This was quite possibly the most action-packed, darkly comic and confounding episodes of “Mad Men” yet. I’ve been trying to sort it out for two days now and I still don’t have many conclusions about “Guy Walks Into an Advertising Agency.” From the title on down, it’s a rip-snorter. But what does it all mean??

I know the story thread about Sally Draper and her need for a night light was symbolic of being afraid of the dark, or fear of the unknown. I know it wasn’t accidental that Joan’s big moment with her creepy husband came in the dark, after she fell asleep waiting for the bastard that she supports even after she calls him out for being drunk and for telling her an abject lie.

I know it had to be a conscious decision by scribes Robin Veith and Matthew Weiner (I noticed Veith got top billing) that this episode had more uses of the term “Mrs. Harris” than any other, as it to reinforce to Joan as she’s on her way out the door that she is no longer herself, but her husband’s wife.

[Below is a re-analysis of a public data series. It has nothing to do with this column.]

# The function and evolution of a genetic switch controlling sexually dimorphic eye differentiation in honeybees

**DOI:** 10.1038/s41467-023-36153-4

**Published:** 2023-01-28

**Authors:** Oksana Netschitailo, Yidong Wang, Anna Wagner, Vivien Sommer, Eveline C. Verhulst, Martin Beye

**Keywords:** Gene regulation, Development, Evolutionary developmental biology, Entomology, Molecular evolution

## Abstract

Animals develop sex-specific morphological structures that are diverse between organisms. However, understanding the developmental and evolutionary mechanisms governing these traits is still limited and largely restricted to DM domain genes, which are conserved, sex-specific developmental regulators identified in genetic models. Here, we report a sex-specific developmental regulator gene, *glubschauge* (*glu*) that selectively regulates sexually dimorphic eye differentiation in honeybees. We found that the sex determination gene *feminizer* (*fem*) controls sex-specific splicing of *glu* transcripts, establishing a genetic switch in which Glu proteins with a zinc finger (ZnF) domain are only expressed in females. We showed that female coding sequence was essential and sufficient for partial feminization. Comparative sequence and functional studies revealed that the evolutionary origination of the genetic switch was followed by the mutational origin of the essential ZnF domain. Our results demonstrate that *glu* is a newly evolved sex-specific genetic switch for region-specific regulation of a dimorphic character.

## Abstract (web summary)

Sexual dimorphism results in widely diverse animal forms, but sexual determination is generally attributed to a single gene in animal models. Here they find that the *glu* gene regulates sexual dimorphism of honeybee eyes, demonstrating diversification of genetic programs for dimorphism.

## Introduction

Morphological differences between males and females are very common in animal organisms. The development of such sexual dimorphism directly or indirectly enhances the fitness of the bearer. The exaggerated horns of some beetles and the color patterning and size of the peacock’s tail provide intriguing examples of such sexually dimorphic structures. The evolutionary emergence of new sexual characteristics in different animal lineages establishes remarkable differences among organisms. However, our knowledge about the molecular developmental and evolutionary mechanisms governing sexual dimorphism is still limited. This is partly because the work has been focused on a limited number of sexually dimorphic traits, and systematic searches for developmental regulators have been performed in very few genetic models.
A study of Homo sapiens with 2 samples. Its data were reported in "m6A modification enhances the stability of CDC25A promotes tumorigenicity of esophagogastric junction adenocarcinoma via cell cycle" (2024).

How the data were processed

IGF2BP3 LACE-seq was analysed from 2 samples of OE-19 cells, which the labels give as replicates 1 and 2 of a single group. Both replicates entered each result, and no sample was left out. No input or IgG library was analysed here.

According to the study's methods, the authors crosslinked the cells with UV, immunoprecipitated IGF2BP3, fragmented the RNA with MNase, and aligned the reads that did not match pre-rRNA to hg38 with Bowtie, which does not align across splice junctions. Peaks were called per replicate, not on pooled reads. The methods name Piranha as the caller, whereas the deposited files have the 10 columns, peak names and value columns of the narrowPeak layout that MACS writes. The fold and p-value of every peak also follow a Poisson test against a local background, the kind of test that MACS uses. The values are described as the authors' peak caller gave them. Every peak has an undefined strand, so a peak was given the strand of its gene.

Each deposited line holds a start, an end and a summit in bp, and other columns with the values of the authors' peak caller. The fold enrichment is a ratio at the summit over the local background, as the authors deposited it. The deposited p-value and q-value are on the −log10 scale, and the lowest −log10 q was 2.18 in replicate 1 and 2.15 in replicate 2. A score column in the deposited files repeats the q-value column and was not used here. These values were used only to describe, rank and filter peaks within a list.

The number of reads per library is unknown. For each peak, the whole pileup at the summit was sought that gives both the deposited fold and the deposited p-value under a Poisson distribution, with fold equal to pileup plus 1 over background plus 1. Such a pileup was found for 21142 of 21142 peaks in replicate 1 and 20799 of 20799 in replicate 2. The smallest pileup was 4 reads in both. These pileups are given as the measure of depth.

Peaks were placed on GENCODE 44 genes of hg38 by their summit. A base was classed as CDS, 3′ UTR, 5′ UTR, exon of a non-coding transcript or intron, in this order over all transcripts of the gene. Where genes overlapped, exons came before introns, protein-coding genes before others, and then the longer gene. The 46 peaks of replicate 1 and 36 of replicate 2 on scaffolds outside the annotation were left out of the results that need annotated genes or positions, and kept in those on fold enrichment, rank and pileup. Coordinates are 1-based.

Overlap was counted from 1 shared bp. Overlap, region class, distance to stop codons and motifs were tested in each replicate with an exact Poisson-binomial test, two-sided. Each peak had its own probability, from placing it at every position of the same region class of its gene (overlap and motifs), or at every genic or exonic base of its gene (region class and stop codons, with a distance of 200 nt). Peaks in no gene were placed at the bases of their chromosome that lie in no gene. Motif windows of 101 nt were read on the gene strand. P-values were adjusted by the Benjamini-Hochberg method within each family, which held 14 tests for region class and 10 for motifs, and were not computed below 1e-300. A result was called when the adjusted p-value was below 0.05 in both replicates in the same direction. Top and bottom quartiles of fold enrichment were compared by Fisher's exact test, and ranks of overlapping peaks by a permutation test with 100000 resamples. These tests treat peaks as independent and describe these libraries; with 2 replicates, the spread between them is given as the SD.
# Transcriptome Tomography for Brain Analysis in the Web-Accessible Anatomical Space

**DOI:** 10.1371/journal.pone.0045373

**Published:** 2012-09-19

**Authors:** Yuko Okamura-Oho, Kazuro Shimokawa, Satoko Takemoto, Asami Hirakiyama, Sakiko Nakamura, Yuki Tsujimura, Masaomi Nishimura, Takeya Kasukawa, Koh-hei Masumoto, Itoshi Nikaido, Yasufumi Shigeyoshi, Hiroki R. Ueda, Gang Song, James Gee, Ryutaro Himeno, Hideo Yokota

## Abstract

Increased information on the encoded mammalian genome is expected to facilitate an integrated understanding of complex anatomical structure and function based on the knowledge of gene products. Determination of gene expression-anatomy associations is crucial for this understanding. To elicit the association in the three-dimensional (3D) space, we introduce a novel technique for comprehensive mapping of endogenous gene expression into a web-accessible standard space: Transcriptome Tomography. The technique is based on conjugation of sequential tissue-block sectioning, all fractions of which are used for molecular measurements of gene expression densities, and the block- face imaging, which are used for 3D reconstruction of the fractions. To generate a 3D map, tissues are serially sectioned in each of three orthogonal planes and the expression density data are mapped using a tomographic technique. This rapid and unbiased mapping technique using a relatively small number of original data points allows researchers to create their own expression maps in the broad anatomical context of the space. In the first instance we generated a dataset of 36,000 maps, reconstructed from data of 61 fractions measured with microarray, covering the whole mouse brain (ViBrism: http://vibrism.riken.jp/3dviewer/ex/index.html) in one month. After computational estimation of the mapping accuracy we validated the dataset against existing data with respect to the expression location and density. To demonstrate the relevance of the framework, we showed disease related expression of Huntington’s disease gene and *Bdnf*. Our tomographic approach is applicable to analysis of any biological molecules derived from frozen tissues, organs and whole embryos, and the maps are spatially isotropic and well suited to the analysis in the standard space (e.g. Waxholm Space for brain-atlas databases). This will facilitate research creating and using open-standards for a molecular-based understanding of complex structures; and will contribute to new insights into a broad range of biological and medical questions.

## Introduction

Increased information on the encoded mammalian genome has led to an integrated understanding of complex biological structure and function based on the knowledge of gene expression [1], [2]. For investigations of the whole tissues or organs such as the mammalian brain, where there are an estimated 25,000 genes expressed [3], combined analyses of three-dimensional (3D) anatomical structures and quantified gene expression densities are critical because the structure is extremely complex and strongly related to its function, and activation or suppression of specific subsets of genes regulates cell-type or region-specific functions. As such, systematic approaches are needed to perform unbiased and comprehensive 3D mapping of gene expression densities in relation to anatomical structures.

I know that Harry Crane’s line “What just happened here?” after the board room coup instigated by the doomed Brit executive Guy was clearly meant to encapsulate the randomness of life in the business world and life in the cosmic scheme of things. It takes someone else to explain to Harry that he’s the only one who got an actual boost in responsibility in the reorg that was so cheerily and quickly detailed by Guy Smiley.

It took me longer than that to realize that the hierarchy laid out by the Brit emissaries not only leaves Roger Sterling out (duh?) but also essentially demotes Don as he would have had to work under share authority with Guy Mackendrick. Yes, I know Don’s crestfallen look should have made this clear but I can be a little Harry-ish at times, especially when engrossed in this show.

And then what happens next in this show is straight out of “The Twilight Zone.” The lawn mower that Ken Cosgrove so playfully rides into the office to illustrate his latest account snaring coup becomes the lethal weapon that takes Guy’s foot and kills his career, in the eyes of his corporate overseers. Office parties at Sterling Cooper are just plain dangerous. And of course, it would be Lola! Lois! Of course!

The scene in which Lois and the lawn mower go out of control was as jarring a scene of random violence as anything I’ve ever seen on TV.